WILLY BRANT’S DIARY
Think about this. Say 30 years ago, the average American was definitely bigger than the average Canadian. Now, judging by what you see at Walmart, we Canadians are catching up. I just discovered why.
My discovery starts with an article I just read in August/14 issue of ‘Acres’, an American magazine about natural farming and food. The article quotes Michael Goran, PhD, works for the Childhood Obesity Research Center at the University of California. He said that real sugar is readily used by your body as fuel to keep you going, but corn syrup is not, it is mostly processed by your liver into fat. He said that modern corn syrup is chemically modified (doesn’t say why), they call this modern stuff ‘fructose’, or ‘sucrose-fructose’ or ‘high-fructose corn syrup”. He says that makes it even less of a fuel and even more of a fat. He said pop is the biggest source of this modified corn syrup in our diet.
Wow. Make the connection. Until this most recent ten or twenty years, Canadian processed food including jams and pop were made with real sugar, imported from the Caribbean. Remember when American visitors made a point of taking home Malkins jam, so much better than anything they could get at home? That’s because American processed food including jam was made, not with sugar, but with corn syrup. Sugar imports were not allowed and their sugar made from sugar beets could not compete with corn syrup. And Americans were fatter than us.
Now, we have de-industrialized ourselves to the point where much/most of our processed food comes from the US. I bet our pop is the same as theirs, and we are catching up in size, we are fat too.
I could hardly wait to lay my ingenious discovery on Joe, to see what he would have to say. “So”, I say, “If you put this together, it comes out that corn syrup makes you fat, and sugar keeps you skinny. Why on earth would the US deliberately make their population into fatties, even allowing for lobbying from the corn guys? And why would we dive into the same pond?”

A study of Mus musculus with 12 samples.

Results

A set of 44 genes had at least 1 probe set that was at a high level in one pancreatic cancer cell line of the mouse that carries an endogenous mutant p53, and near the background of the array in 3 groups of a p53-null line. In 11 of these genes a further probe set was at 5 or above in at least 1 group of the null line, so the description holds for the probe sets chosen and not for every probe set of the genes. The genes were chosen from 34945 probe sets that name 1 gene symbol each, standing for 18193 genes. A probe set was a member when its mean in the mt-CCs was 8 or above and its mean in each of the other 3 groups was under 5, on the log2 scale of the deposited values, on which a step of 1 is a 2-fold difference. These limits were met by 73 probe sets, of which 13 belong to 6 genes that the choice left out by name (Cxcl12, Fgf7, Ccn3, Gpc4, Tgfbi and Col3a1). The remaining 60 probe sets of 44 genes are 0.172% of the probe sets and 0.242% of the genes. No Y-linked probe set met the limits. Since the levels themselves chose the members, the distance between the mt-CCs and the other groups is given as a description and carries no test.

Joe seemed to think my enthusiasm was funny, but when he stopped laughing, he said “I can’t argue with you, although I don’t think it is that simple. The corn industry is huge in the US, and heavily subsidized although the Americans will deny that. They floods the world with cheap, subsidized food based on corn and soybeans, putting small farmers out of business all around the world. So that subsidized corn syrup is so cheap the food processors don’t really have a choice.” He stopped to think for a minute, took a swig of his coffee, and went on “to be fair, that research pinning fat on corn is pretty recent, and it takes some time to turn something as big as the corn industry around, it’s not like the US is deliberately or knowingly making their people fat.”
“But, what is our excuse?” I butt in. “We had a better product, and now we don’t —“, Joe interrupted, “Can you think of any Canadian food processors that are not branches of a giant American corporation? And how much ‘Made in Canada’ do you see at the grocery store?”
He had me there. But I still think folks who have health issues related to being fat should be suing somebody about all that corn syrup. Specially those pop guys.
be suing somebody about all that corn syrup. Specially those pop guys.